Developers using environmental laws to fight the competition
November 14, 2011
To stop a competitor from building a project near a southern California university, a student housing firm used the state’s environmental quality laws as an effective cheap weapon of destruction. [LATimes]
Conquest Student Housing has 17 buildings rented to USC students. When the firm discovered Urban Partners planned to build a new student living complex, it sued under California’s environmental law.
The suit was withdrawn after Urban Partners filed a federal racketeering lawsuit, the LA Times said.
In San Luis Obispo County, CEQA suits have been successful in derailing or changing development plans by neighbors and groups who oppose projects.
For example, two proposed solar plants to be built in California Valley were given shortened lifespans as part of an agreement with several groups that sued using environmental impact laws to support litigation.
Currently, a draft environmental impact report for a proposal to drill for oil in Huasna Valley east of Arroyo Grande received more comments than expected which will cost the applicant, Excelaron, an extra $57,041.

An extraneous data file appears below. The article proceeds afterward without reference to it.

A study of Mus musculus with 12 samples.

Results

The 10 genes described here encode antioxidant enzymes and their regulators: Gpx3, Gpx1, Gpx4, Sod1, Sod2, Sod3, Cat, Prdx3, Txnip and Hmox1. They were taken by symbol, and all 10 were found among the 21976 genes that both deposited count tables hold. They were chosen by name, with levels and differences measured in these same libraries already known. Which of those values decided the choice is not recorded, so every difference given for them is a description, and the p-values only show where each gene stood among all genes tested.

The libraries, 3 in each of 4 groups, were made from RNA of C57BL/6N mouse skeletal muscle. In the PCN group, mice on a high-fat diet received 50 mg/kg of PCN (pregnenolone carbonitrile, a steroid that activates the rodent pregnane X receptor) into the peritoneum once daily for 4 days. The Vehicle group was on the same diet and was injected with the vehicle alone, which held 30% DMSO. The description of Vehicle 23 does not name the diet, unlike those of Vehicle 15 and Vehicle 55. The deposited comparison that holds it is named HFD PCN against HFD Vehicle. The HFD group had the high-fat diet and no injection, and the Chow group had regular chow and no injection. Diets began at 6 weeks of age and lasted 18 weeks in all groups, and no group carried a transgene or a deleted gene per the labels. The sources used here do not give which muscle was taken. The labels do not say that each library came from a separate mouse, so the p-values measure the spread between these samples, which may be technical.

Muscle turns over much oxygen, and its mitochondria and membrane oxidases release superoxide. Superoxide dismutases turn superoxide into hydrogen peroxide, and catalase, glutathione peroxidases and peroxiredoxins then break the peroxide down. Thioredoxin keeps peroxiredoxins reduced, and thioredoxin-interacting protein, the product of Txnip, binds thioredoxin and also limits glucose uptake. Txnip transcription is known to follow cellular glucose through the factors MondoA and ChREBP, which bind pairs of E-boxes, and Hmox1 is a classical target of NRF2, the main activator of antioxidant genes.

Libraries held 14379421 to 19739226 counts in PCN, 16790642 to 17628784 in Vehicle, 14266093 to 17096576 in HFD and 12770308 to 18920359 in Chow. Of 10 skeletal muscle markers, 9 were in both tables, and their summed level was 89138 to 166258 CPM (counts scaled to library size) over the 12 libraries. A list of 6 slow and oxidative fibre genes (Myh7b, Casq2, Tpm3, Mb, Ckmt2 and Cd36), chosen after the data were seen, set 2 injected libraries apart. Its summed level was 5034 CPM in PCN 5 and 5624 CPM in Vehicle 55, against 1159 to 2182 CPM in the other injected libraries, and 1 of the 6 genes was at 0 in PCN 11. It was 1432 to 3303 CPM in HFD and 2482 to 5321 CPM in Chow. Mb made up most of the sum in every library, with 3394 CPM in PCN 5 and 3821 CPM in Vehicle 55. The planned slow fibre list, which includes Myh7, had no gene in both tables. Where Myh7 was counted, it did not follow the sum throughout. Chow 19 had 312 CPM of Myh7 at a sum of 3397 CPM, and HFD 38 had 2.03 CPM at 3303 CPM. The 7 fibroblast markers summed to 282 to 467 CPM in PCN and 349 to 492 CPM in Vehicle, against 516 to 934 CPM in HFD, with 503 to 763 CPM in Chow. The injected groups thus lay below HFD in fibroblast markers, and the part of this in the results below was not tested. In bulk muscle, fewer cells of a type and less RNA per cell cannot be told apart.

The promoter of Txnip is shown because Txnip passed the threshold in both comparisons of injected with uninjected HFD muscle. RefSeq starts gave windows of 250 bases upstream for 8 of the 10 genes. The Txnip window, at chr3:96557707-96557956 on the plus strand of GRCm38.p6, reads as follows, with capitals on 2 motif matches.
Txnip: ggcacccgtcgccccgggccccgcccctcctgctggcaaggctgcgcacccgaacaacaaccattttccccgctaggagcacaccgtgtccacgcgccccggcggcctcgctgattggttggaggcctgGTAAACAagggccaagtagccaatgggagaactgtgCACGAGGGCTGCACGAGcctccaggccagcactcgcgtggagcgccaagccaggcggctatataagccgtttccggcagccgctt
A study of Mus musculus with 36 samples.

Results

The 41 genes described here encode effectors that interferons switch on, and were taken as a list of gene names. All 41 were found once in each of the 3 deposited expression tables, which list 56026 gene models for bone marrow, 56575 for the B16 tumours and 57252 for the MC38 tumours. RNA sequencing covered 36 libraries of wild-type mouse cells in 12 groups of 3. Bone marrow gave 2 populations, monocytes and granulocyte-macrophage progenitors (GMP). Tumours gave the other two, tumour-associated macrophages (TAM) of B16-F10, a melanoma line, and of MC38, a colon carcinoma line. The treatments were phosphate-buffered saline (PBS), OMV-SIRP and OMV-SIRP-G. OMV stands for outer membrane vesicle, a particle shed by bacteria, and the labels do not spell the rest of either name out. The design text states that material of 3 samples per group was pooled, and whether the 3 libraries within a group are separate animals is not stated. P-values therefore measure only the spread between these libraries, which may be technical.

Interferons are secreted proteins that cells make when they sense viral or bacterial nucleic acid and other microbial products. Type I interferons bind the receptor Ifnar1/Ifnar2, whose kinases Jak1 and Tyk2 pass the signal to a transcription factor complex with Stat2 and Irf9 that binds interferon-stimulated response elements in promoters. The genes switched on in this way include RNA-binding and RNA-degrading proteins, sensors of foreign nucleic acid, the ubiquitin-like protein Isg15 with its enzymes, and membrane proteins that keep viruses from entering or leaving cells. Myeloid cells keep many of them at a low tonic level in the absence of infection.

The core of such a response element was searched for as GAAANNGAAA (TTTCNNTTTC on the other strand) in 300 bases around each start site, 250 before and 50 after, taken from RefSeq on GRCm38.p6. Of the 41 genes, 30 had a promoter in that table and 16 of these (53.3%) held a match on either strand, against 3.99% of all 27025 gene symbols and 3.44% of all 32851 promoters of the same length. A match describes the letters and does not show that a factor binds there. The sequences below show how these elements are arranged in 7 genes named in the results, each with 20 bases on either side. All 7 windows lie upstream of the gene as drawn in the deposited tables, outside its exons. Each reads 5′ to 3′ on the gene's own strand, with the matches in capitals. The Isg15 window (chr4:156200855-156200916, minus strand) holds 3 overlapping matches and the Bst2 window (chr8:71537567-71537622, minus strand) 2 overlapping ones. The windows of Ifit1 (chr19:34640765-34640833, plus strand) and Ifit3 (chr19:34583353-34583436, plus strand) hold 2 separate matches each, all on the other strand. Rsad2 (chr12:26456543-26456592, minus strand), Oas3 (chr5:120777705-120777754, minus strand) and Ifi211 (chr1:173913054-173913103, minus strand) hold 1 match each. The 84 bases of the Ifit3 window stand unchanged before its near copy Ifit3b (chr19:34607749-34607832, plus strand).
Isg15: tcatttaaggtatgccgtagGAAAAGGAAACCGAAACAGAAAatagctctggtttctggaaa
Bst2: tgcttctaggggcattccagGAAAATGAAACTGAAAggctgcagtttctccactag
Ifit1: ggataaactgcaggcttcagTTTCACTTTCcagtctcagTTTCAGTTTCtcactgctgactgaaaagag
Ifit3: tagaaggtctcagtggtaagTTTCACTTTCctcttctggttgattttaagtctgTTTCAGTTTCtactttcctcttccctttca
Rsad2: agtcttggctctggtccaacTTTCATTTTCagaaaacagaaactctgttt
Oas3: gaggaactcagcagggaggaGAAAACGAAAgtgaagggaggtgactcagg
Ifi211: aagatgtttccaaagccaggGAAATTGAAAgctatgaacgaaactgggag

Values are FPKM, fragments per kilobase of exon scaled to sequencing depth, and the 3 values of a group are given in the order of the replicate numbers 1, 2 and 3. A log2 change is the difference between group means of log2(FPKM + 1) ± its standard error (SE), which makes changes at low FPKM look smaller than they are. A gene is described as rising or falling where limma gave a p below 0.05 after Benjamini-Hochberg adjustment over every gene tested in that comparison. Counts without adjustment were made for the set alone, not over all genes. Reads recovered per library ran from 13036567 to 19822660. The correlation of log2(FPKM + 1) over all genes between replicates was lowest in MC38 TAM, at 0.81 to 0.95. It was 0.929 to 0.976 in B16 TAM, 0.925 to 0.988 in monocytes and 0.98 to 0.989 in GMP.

Only three states, including California, require private projects to comply with state environmental laws. And while the state’s Environmental Quality Act is credited with preserving open space and view sheds, it has become a pawn for competitors and opponents of projects.
Legislators working to create more jobs are now questioning the 40-year-old law and the lawsuits it has spawned, the LA Times said.
“These are the laws that allow a solo bird-watcher to protect an endangered animal, but they’re being used by a sophisticated real estate entity to kneecap the competition,” said Dan Rosenfeld, the principal at Urban Partners who handled the University Gateway development to the LA Times.
The law requires developers to go through a CEQA process detailing a project’s environmental impacts and how they will be mitigated. After which, the findings can be challenged by almost anyone.
In order to make sure a football stadium proposed for downtown Los Angeles would not be derailed by CEQA challenges, Gov. Jerry Brown signed a law allowing the project to avoid CEQA litigation.
And while environmental groups argue the net effect of CEQA has been positive, Brown’s administration is drafting rules to allow some projects to skip the process, the Times said.